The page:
The Prairie Village City Council on Monday gave unanimous approval to a plan that will bring a “road diet” and a new eight-foot path to the stretch of Mission Road between the Village Shops and SM East.
Prompted by the organized efforts of neighborhood residents who raised concerns about pedestrian safety along the stretch of Mission from 71st Street to 75th Street where dozens of St. Ann Catholic School and SM East students walk each day, the project was moved up on the city’s priority list to 2016 earlier this year.
After a series of community input sessions and work with consultants, the city’s Public Works department recommended a plan that will reduce Mission from four lanes to three from 71st to 75th Streets and will use the majority of the space saved by eliminating the fourth lane on a new eight-foot path on the west side of the street.
Public Works also recommended allocating $150,000 to a series of quality-of-life improvements — benches, seating walls and lampposts — designed to make the path even more appealing to pedestrians and casual cyclists. That plan had drawn criticism from Councilor Andrew Wang, in whose ward the new path would be built. But on Monday, Wang came around on the idea the improvements, voting in favor of the proposal along with all of the other councilors present.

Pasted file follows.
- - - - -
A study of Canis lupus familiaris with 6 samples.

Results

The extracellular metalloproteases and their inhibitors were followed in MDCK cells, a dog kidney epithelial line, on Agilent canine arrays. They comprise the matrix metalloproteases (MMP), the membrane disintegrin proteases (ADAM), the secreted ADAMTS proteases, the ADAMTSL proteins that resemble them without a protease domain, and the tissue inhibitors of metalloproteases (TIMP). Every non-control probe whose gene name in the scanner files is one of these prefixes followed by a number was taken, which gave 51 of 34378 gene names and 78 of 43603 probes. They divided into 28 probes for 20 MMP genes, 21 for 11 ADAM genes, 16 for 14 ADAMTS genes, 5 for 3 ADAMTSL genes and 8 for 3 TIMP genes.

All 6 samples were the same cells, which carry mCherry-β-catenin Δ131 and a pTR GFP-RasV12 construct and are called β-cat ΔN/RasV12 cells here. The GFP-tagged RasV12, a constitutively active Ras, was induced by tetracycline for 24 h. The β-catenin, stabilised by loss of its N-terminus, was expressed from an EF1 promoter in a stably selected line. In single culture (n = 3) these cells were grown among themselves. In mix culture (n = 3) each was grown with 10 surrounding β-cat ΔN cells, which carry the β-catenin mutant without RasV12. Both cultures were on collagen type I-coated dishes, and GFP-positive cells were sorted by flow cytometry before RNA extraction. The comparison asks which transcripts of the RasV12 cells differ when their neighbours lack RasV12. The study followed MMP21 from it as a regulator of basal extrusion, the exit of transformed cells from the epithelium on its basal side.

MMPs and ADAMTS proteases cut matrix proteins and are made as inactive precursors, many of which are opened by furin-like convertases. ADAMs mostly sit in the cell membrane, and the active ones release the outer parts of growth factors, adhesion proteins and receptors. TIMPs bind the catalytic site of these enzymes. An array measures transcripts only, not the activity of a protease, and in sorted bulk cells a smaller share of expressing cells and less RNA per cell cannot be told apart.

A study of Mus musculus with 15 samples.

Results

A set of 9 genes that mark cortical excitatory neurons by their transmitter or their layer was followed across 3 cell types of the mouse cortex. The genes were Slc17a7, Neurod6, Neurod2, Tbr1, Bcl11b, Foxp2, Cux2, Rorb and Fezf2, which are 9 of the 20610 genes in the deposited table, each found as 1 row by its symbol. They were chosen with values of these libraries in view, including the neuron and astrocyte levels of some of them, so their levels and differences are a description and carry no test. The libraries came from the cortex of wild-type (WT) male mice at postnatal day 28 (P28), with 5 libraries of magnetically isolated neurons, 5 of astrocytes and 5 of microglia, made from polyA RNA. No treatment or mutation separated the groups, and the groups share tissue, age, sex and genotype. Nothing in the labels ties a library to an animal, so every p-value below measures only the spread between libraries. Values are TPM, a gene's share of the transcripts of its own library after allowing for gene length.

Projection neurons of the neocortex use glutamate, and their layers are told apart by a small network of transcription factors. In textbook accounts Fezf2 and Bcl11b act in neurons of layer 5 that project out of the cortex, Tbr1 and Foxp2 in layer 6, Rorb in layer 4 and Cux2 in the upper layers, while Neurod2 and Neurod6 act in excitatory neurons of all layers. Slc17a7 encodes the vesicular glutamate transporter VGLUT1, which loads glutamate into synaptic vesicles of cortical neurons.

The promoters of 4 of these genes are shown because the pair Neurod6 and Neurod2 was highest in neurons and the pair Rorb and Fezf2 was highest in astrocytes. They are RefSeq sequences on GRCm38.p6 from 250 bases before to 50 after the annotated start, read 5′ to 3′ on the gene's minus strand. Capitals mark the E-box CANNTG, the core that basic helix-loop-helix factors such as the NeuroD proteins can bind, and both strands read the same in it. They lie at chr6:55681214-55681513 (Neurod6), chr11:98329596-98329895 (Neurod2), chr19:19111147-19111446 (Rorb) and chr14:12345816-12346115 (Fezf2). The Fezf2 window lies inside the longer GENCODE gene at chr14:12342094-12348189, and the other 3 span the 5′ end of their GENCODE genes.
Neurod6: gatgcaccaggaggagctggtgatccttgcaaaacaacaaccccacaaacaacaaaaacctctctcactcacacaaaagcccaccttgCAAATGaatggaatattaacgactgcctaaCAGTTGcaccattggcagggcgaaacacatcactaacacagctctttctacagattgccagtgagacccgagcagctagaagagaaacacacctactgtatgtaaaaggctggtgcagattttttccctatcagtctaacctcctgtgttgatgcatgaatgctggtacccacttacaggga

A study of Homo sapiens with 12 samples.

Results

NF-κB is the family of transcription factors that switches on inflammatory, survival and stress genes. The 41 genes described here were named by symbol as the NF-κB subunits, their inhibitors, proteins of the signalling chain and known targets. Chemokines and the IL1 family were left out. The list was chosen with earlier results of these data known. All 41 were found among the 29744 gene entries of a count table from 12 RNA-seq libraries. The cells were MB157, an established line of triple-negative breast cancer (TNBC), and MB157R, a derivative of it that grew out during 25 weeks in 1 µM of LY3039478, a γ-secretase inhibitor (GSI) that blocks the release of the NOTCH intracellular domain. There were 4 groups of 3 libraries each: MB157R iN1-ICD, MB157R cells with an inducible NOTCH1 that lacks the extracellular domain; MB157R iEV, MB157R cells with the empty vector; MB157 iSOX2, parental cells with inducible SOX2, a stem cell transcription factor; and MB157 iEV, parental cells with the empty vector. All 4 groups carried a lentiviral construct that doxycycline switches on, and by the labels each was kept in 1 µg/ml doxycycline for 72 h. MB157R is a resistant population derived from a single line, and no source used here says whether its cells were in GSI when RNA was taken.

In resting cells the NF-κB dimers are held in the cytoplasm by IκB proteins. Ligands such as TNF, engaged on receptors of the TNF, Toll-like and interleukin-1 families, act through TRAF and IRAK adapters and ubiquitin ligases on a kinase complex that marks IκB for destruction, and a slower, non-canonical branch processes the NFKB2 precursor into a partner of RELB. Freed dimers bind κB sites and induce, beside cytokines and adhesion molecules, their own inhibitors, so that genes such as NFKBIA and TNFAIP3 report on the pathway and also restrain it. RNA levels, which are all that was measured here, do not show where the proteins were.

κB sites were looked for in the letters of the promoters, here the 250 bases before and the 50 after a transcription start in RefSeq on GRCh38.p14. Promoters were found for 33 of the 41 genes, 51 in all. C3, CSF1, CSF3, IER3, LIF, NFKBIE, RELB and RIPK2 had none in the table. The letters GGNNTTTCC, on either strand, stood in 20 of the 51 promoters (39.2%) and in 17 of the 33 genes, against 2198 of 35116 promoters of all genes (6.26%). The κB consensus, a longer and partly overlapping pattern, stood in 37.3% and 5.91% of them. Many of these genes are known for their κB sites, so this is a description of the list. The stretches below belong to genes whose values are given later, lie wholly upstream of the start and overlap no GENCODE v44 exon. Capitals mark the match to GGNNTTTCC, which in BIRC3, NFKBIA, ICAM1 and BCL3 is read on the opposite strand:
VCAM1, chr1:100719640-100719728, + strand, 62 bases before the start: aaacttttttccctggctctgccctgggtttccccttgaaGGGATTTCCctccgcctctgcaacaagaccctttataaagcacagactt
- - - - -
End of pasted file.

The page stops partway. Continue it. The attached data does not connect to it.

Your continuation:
Mayor Laura Wassmer said the path and the quality of life improvements were important “placemaking” efforts for a city that prides itself on having a special feel, and that they would encourage private investment in surrounding homes and businesses.
“Nobody has to be or go anywhere, anymore, that they don’t want to be or go. People choose to go where they like to be. And they like to be in places that look nice…and make you feel good when you are there.” Wassmer said. “We’ve got a main street going right through the center of Prairie Village that right now all it does is transport cars from one end of Prairie Village to the other. We have a chance to really make this something special…that would encourage people to be there.”
Outside of the aesthetic improvements, the project will cost approximately $1 million. The city will receive approximately $500,000 in county assistance for the project through the CARS program. Construction will be completed in 2016.
(Full disclosure, as a neighborhood resident, I spoke in favor of the quality of life improvements during the meeting Monday).